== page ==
What blockchain experts have surprisingly ignored

By Fintech For Longevity — Thoughts on blockchain technology for intergenerational relationships

Photo by Brett Jordan on Unsplash

Blockchain has been widely used globally in supply chain management. Different parties, often competitors, have been using blockchain to improve operational transparency, immutability, and trust throughout the various stages of delivering goods from one place to another. The decentralized and secure nature of blockchain also makes it a powerful tool for many other industries, including gaming, healthcare, insurance, payments, and more.

Simultaneously, blockchain has become an essential player in the field of social good and charity organizations. For this purpose, blockchain applications are usually driven by the centrality of a leading organization, such as humanitarian aid for flow provision or monitoring of identities, for example, during migration processes.

In the case of charitable organizations, the use of blockchain technology offers a trusted environment for resource management, operational transparency, and effective governance. There are already examples of blockchain technology in the charity realm. For instance, the Binance Charity is a non-profit organization that works toward sustainable development goals to fight poverty and inequality and improve people’s health. Through the advantages of blockchain technology, Binance Charity is providing a “crypto-charity” with a “traceable, accountable and immutable process of giving.” For instance, charity-giving of Cryptocurrency for quality schooling to children in Uganda is traced across the whole donation chain, as illustrated in the figure below. This negates the traditional inefficiency and lack of transparency in charitable giving, leading to a loss of trust and high intermediary costs.

Source: Flow of donation for lunch for children in Uganda

Traceability, accountability, and immutability are the foundations of a trusted relationship between different parties in a given environment, where the flow of funds is involved. Given that a multigenerational family is an economic institution with different parties and the flow of funds is involved, an interesting question is what can we learn from blockchain for social good and what could be adapted to mitigate intergenerational conflicts.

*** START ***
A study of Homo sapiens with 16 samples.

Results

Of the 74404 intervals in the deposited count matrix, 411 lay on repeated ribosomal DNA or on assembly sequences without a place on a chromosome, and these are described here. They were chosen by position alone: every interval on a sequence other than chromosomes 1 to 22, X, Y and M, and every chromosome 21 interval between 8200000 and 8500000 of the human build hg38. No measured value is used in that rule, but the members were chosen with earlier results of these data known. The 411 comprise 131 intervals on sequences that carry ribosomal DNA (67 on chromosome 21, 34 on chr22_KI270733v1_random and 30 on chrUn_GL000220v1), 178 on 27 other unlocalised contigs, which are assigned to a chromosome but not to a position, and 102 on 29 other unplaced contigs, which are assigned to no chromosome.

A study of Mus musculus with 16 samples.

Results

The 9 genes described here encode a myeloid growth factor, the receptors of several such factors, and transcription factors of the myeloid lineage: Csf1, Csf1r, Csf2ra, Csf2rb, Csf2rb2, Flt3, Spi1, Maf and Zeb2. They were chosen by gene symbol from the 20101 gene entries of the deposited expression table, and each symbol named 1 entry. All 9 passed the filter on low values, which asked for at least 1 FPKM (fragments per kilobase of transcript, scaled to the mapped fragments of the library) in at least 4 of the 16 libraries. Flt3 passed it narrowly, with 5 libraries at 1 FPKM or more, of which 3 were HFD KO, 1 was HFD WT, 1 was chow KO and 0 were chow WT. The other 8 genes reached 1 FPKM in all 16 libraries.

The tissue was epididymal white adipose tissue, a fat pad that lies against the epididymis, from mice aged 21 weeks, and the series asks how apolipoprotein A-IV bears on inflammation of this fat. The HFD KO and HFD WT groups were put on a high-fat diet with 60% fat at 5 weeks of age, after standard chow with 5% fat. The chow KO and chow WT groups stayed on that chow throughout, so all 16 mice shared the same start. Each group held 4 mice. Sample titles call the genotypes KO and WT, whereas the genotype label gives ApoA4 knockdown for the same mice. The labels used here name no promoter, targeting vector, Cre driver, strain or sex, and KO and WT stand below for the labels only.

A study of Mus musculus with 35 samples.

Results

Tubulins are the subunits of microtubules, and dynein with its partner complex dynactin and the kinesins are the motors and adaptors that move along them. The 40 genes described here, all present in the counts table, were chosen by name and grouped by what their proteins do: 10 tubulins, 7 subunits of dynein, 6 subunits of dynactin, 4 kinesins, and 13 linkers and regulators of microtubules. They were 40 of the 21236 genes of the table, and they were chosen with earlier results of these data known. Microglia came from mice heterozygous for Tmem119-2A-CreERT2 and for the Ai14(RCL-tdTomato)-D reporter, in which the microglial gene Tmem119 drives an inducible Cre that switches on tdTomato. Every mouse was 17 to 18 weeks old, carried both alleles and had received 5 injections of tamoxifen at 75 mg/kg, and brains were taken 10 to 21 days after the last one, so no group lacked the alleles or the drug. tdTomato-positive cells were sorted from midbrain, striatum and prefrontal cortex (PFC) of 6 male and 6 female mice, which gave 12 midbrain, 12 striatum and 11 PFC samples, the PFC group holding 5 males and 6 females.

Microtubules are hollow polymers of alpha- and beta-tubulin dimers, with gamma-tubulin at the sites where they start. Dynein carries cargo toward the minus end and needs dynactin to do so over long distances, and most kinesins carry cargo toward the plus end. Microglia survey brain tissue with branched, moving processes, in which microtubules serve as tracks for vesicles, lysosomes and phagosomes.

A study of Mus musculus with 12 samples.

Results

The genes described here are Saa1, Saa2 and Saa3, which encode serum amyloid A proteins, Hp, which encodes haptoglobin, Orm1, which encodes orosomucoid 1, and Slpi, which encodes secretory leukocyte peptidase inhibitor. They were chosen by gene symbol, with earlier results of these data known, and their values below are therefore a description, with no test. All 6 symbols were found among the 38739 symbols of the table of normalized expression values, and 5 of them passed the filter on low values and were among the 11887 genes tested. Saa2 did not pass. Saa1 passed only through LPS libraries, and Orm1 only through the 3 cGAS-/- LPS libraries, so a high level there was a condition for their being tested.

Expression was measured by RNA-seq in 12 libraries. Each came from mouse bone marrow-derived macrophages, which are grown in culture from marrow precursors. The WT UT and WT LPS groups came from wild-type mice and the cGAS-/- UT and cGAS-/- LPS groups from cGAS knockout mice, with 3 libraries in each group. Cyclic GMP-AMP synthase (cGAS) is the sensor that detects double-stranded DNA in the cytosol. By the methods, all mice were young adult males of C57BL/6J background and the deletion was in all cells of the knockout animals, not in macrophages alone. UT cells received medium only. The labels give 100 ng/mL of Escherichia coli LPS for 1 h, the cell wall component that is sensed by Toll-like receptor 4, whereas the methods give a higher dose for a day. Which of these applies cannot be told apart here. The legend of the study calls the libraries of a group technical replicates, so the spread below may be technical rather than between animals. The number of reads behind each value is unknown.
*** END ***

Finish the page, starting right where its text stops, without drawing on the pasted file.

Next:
The scarcity of a generalized framework for the use of blockchain in the private sphere is unfortunate. This is taking into consideration the advantages of blockchain as a way to mitigate conflicts among different parties. Intra and inter-generational relationships that involve monetary flow exist between siblings and older parents and their children. This becomes especially important as life expectancy increases and families often live in a four-generational setting with intergenerational economic dependency.

Extended longevity involves intergenerational transfers and external finances from third parties, as in the case of reverse mortgages. Older adults might want to improve their economic standing by unlocking their home equity in the latter case. Nevertheless, their hires are concerned about the house's value after their parents pass away and the mortgages are fully repaid. With the parents’ consent, the use of blockchain for a transparent flow of funds between the elderly parents, siblings, and the bank, could mitigate a potential conflict between the parties.

Despite the rarity of blockchain-based solutions for the family, a recent solution for end-of-life planning was presented to me some time ago by my friend and colleague @Dr Milly Perry, an international expert in the world of blockchain. This solution, named after the ancient Sarcofagus, is based on a “dead man’s switch” mechanism. To summarize, the development of blockchain-based technologies has enormous potential for a family, intergenerational relationships, and a seamless flow of funds between family members.

According to their website, Sarcofagus’s solution is based on an autonomous and incentivized application while leveraging the combination of three elements: Bitcoin, Ethereum, and Arweave. While Bitcoin contributes to making the physical action, Etherum provides them with the ability to execute code on decentralized and immutable computers. Lastly, Arweave is leveraged for the ability to store and retrieve files from the system.

Indeed, Sarcofagos is a novel example of the use of blockchain in the private sphere. Nevertheless, the use of technology for end-of-life planning has been flourishing in the past two years. The leaders of this trend are using artificial intelligence and machine learning to offer digital trusts and wills and digital vaults by helping families mitigate the uncertainly involved in sudden death of a family member (as in the case of Covid-19). Undoubtedly, the latest technologies are democratizing legal procedures that were out of the reach of many until recently. However, the democratization of digital trust and wills might bear the risk of “over-standardization” of personal circumstances; a good question is whether blockchain provides a more flexible tool to settle disputes when and if they arise, especially when third parties (as a bank or a caregiver) are involved.

To summarize, there is a huge potential in developing blockchain-based technologies for the family, intergenerational relationships, and a transparent flow of funds among family members. End-of-life planning and the reverse mortgage are only the tips of the iceberg.




Fintech for longevity

We bring financial technology to financial inclusion through research, education and innovation.